International Chess Federation Suggests Trans Women Are a Threat to the Game

The argument that trans women pose a threat to women's sports holds even less water in the realm of chess, where physicality is irrelevant.

International Chess Federation Suggests Trans Women Are a Threat to the Game
Photo:Caroline Pankert (AP)

Clap if you thought you’d be asked to care about an International Chess Federation decree when you woke up today! Just as I suspected: crickets.

Well, onward we go. A set of guidelines published this week (according to Yosha Iglesias, whose Twitter bio reads “FIDE Master, chess coach, chess composer, YouTuber”) by the FIDE (that’s short for Fédération Internationale des Échecs, as the organization was established in Paris) takes a seemingly trans-exclusionary stance and selective approach to the retainment of gendered titles, post-transition. The way it reads is massively shitty and bigoted.

After going through the red tape of getting the FIDE to recognize one’s gender identity in the event of a transition, the group’s “Regulations on Transgender Chess Players’ Registration” lands here:

In the event that the gender was changed from a male to a female the player has no right to participate in official FIDE events for women until further FIDE’s decision is made. Such decision should be based on further analysis and shall be taken by the FIDE Council at the earliest possible time, but not longer than within 2 (two) years period. There are no restrictions to play in the open section for a person who has changed the gender.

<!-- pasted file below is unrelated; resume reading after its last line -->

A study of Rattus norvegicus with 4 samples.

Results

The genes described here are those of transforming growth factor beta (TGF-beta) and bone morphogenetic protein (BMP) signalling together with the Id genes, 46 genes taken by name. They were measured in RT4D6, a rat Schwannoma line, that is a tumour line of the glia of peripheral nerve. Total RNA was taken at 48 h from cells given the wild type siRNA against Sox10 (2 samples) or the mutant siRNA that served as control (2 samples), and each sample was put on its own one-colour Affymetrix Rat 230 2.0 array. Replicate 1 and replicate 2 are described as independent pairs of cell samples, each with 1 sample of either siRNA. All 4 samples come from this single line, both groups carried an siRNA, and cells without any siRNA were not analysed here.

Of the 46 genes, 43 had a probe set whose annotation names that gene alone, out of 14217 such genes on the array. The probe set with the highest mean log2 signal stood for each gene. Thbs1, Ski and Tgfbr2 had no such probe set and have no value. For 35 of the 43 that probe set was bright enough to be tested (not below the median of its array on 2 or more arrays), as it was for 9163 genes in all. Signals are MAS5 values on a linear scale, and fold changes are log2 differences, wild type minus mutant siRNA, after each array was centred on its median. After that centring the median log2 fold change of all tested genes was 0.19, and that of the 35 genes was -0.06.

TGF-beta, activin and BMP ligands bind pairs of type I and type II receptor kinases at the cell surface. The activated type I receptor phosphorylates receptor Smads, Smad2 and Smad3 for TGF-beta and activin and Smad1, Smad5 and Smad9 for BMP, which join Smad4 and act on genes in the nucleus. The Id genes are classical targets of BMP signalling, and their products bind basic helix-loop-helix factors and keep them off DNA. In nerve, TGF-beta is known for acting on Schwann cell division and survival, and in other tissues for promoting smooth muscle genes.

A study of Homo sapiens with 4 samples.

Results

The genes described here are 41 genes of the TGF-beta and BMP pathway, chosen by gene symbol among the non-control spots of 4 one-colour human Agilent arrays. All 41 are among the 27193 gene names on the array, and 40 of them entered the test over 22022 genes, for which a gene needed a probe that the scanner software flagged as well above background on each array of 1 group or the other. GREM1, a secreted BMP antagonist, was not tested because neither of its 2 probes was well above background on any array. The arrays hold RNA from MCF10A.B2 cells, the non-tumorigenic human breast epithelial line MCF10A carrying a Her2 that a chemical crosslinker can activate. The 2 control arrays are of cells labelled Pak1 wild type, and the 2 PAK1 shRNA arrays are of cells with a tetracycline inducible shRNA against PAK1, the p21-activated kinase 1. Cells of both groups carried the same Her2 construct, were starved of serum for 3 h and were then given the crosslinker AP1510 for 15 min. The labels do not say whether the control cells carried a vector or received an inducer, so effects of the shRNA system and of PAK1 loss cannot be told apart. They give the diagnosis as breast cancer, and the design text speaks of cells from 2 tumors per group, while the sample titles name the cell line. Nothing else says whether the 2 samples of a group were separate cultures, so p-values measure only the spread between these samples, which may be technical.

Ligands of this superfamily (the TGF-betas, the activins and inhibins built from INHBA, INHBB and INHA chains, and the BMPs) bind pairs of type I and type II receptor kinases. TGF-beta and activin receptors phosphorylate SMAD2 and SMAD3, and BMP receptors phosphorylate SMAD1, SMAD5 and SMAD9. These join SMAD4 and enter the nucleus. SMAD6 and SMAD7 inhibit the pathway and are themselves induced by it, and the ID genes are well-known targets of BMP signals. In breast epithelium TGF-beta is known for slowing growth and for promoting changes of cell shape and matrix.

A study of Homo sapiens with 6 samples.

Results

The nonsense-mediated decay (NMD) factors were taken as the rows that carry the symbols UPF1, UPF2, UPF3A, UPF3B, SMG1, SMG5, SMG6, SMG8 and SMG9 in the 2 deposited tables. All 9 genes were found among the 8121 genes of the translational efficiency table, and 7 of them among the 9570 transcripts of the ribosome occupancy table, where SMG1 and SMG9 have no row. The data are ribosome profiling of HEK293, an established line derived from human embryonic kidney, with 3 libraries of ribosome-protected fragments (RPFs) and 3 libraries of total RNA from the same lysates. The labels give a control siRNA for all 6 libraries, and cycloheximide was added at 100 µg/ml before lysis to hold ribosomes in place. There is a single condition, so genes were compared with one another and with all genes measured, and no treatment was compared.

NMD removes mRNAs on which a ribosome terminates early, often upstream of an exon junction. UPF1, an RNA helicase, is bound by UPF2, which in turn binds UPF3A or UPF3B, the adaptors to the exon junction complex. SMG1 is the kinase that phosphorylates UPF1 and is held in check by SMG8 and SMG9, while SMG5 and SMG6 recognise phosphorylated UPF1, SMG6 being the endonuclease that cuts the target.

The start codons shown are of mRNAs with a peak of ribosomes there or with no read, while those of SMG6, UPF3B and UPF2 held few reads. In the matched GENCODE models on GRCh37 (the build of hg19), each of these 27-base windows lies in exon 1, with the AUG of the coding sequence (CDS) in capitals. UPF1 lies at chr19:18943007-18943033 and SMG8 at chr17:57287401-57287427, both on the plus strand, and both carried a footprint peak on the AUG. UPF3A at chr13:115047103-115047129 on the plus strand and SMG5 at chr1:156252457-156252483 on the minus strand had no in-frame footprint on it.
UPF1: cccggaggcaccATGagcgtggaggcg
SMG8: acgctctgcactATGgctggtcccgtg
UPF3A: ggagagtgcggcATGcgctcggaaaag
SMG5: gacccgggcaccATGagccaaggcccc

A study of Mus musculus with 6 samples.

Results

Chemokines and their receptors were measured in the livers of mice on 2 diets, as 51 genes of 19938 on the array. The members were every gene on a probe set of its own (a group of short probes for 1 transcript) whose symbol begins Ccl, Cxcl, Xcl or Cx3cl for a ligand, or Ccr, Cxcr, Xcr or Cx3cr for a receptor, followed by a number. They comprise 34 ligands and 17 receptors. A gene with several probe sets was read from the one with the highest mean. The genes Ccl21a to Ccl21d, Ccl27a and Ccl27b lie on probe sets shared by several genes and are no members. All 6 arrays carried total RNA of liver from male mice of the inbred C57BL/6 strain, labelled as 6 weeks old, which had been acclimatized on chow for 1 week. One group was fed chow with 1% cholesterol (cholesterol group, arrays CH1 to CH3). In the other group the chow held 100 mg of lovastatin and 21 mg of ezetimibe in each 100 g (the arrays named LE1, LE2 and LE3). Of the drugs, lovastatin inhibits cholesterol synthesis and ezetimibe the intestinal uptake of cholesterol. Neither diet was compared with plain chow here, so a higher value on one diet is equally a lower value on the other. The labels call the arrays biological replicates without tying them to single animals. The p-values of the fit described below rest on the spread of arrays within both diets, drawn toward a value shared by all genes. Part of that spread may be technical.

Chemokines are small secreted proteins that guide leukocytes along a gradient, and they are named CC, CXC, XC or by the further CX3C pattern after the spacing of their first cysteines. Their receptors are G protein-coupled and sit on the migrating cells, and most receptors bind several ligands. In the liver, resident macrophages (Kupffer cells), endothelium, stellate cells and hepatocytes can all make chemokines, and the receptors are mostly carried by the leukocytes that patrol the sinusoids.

This is a familiar line of thinking, one that seeks to bar trans women athletes from competing in women’s categories. Those bans often come with the stated rationale of a disparity in physicality—that biology being what it is, trans women have an unfair advantage over cis women in terms of strength and speed. This argument, of course, often amounts to transphobic dog-whistling. It holds even less water in the realm of chess, however, where physicality has no place. It’s a game of strategy. The FIDE’s implication seems to be that trans women pose an unfair advantage over cis women intellectually, as if being assigned male at birth makes one innately smarter.

Next, compare and contrast the following guidelines:

If a player holds any of the women titles, but the gender has been changed to a man, the women titles are to be abolished. Those can be renewed if the person changes the gender back to a woman and can prove the ownership of the respective FIDE ID that holds the title. The abolished women title may be transferred into a general title of the same or lower level (e.g., WGM may be transferred into FM, WIM into CM, etc.).


If a player has changed the gender from a man into a woman, all the previous titles remain eligible. The player may use only the published rating at the time the registration was changed, and all subsequent ratings when applying for women titles. No peak ratings or results that have been reached before the official gender change may be used to qualify for women titles after the legal gender change.

It would be one thing for the FIDE to take the stance that everyone can only hold onto titles commensurate with their gender identity. That, of course, wouldn’t acknowledge the trans experience, but it would at least be consistent. Here, the rules differ based on the type of transition that has taken place. It doesn’t even make sense.

To help understand the incomprehensible, I have reached out to FIDE to ask about the rationale behind these policies. I will update this post if and when I hear back.